To Grunfeld

I’m proposing a new word for the internet lexicon:

To Grunfeld: To carefully omit a portion of a person’s statement so that your version of the statement is the polar opposite of what the person stated, with the intent of causing them great professional harm.

For example:

But I’ve been very clear in this campaign – I don’t believe the party should have a position on abortion.
Stephen Harper


the party should have a position on abortion.
Stephen Harper

Double Grunfelded: Stephen Harper should never mention the word abortion! He’s history’s greatest monster!!!

Alternative meaning: To flunk out of University in the first week?


On shared-use paths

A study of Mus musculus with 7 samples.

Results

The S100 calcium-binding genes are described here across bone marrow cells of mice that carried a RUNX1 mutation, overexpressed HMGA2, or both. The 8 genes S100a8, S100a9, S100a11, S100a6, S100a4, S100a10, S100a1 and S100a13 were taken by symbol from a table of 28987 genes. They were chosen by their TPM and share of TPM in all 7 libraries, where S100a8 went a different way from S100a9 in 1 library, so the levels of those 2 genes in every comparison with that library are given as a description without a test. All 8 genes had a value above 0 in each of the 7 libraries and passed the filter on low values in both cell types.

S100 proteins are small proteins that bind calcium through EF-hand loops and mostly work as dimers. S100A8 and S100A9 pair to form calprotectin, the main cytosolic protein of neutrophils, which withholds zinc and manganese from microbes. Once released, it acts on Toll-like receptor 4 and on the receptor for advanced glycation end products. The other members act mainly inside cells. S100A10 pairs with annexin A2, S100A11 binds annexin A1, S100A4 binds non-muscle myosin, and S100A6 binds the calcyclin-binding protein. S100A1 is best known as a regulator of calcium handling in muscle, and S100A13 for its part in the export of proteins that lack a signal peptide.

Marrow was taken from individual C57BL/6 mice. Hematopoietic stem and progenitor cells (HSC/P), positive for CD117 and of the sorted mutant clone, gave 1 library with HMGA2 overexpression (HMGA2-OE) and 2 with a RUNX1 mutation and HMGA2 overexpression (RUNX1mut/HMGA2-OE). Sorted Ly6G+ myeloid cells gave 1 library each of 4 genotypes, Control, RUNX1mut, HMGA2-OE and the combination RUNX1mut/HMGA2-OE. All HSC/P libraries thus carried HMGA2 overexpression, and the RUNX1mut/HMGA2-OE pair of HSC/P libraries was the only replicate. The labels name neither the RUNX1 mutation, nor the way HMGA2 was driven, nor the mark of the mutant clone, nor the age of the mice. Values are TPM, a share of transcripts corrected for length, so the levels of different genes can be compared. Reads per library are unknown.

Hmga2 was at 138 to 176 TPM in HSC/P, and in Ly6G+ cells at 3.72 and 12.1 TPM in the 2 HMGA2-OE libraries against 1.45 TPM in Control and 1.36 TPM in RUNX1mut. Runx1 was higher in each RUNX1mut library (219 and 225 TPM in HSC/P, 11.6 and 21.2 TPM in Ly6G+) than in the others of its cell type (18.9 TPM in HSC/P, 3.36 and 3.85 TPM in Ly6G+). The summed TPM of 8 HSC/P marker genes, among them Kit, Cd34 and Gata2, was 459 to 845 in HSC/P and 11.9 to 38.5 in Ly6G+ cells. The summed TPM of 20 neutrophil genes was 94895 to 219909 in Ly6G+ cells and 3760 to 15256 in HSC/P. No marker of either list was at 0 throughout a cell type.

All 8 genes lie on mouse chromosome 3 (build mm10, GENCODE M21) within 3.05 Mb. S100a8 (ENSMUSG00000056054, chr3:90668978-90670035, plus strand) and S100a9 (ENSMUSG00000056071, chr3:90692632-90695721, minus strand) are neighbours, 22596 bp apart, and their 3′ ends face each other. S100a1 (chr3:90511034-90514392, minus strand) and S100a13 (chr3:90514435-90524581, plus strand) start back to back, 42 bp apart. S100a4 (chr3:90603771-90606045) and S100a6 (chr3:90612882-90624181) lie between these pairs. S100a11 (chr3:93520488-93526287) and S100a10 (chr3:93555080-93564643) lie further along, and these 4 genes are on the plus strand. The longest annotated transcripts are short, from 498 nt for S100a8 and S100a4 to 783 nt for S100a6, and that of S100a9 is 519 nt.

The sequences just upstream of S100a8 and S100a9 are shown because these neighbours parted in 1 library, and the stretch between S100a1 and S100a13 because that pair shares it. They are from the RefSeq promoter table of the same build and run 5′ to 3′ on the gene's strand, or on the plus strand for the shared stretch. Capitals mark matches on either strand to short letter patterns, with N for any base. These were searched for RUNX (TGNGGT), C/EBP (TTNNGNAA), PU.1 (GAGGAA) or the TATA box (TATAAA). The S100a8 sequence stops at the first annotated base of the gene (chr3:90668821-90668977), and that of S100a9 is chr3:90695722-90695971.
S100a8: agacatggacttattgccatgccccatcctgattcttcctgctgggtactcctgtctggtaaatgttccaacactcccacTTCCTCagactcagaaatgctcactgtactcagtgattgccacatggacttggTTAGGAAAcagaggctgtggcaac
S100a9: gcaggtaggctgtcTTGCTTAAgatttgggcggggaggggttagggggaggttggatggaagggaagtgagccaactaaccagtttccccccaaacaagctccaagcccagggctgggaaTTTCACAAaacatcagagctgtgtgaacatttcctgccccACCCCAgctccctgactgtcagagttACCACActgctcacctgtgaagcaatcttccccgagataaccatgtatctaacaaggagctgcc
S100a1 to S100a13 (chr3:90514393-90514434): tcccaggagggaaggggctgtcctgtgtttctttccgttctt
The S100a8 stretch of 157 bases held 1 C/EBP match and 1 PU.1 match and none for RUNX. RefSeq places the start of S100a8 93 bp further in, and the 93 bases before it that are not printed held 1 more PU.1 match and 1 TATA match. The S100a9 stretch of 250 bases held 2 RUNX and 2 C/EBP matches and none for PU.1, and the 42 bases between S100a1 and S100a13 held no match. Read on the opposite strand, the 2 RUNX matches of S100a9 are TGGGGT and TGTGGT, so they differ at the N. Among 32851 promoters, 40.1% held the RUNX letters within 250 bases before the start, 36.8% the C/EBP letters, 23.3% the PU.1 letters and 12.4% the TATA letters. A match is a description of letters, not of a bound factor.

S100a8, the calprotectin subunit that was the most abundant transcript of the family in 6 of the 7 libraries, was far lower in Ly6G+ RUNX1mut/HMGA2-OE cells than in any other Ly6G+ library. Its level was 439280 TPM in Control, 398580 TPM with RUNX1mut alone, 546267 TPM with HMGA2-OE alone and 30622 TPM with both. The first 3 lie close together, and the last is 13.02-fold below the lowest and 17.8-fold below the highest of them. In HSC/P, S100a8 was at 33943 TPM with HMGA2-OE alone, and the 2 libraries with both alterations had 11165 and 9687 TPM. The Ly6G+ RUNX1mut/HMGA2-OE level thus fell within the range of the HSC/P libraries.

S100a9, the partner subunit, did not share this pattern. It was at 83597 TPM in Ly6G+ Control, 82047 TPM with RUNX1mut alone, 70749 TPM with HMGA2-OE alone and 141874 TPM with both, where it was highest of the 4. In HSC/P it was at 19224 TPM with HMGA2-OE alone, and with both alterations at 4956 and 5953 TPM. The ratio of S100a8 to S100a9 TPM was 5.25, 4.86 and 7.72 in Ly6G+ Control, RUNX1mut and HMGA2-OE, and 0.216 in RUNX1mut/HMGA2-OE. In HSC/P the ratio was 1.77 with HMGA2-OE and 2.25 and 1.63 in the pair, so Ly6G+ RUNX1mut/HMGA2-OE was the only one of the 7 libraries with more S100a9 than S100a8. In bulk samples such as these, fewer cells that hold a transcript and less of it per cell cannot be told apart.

I love them, for the most part.  They are much safer for cyclists.  However, the city of Halifax Regional Municimouthful does not do them properly.  Shared-use paths have people going many different speeds on many different modes of transport (walkers, runners, rollerbladers, cyclists).  Because of the different speeds, people need a visual cue that keeps them on one side of the path or the other.  Every other city I’ve been to where I’ve cycled, run, or bladed (just Edmonton, Calgary, Quebec City, and Toronto, to be fair) have painted either a yellow or a blue line down the middle of their paths.  This usually prevents people from walking/ running/ cycling four abreast.  It always prevents them from walking straight down the middle of the path, which I find to be the most dangerous situation when I’m on a bike (Often someone walking down the middle won’t know which way to shift when a cyclist approaches.  The line down the middle reminds them to shift to their right, but also usually prevents the problem in the first place).   Halifax’s paths need these lines as surely as cyclists using the paths need bells.